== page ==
In a season of highs and lows for the true freshman in 2001-02, Hudson suffered from lackluster defensive efforts but finished strong offensively, averaging 13.9 points per game over the Tigers' final eleven contests.
His 21-point average in the Tigers' three Southeastern Conference Tournament games garnered him all-tournament honors, the first LSU player to do so in nine years.
"I expect him to be better," LSU head coach John Brady said. "How much better this year? I don't know just yet. I really thought that during the final 12 or 13 games of last year, not only was he the best freshman in the SEC, he was one of the better players in the SEC."
Like many college players, Hudson excelled in high school only to stumble a bit at the collegiate level, where talent and competition increases tenfold.
"It was kind of hard," Hudson said of his transition last year. "I'm coming from an atmosphere where basically I was just called upon to score. I played defense when I had to, but in college you have to play defense every night. You can't take a game off because, no matter who you're up against, they're coming to play and they're trying to win just like you're trying to win."
Inconsistency plagued Hudson last year. He started well but suffered a mid-season slump in which he was held under ten points in eight straight games and went scoreless in three outings. His defense was arguably the weakest part of his game, a point he has worked with great effort to overcome.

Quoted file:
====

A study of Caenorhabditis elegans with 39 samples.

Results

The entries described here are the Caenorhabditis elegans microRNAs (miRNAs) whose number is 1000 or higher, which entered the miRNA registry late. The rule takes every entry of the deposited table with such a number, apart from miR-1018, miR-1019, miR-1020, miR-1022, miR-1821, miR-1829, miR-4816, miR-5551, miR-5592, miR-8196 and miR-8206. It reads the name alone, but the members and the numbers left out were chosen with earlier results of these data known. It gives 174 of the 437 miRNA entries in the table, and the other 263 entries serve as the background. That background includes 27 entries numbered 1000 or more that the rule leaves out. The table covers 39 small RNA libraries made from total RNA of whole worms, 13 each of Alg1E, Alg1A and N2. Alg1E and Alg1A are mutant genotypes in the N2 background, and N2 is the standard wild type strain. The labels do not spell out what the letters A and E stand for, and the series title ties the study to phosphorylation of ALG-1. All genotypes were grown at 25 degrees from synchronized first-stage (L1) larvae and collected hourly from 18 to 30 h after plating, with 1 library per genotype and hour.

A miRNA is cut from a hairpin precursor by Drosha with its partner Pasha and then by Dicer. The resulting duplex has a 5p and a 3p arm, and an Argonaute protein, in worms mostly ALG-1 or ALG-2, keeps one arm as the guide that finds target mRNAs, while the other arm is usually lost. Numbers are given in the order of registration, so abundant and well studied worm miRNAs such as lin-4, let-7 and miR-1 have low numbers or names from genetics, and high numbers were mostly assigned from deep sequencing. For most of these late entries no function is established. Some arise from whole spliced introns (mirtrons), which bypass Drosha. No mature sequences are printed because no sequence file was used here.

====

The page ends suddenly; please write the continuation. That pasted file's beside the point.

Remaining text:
"It's always said that defense turns into offense," Hudson aid. "I think now that Jermaine (Williams) — who was our main defensive player — has left, I want to be the one that coach Brady calls on to stop the next run.
"…I need to be more consistent. Last year, I was up and down, I'd be here one game and there another. If I can become more consistent, I think I'll be all right."
With the wealth of talent that the Tigers have amassed at the guard position, Hudson will need all the improvement he can muster in order to record as many minutes on the floor as he'd like. However, he believes that the deep roster at his position will only help him — and his team — in the long run.
"Starting doesn't matter to me as long as we're winning," he said. "I can't wait for the competition. Last year we were limited, but now we have to go in and practice hard every day. Every day somebody's coming out to get your position, so nothing is guaranteed. I'm just going out to do what I can do and perform my best."
The fierce competition that the LSU players have amongst themselves will only lead to improved players, and more of them — a boon for a team that has suffered through season after season of NCAA scholarship sanctions that forced Tiger starters to play long stretches without the hope of competent substitutions.
"(With a good bench) you don't have to play the whole game," said Hudson, who started 16 of the Tigers' 34 games. "Somebody can come in for you and the team won't miss a beat. You can play hard for a good five or ten minutes and get taken out and not lose anything.
"You can win some games with limited players. But if you want to win a lot of games, you have to be deep because everybody else out there is deep. You want to have that advantage.
"We're going to be a complete team," Hudson summarized. "We have good guards, good forwards and excellent posts. …If you're limited at some positions, you can have a good team but not a great team. I feel that we can be great if we just stay together, play as a team, depend on each other and not let outside influences get in our way, we can be a great team."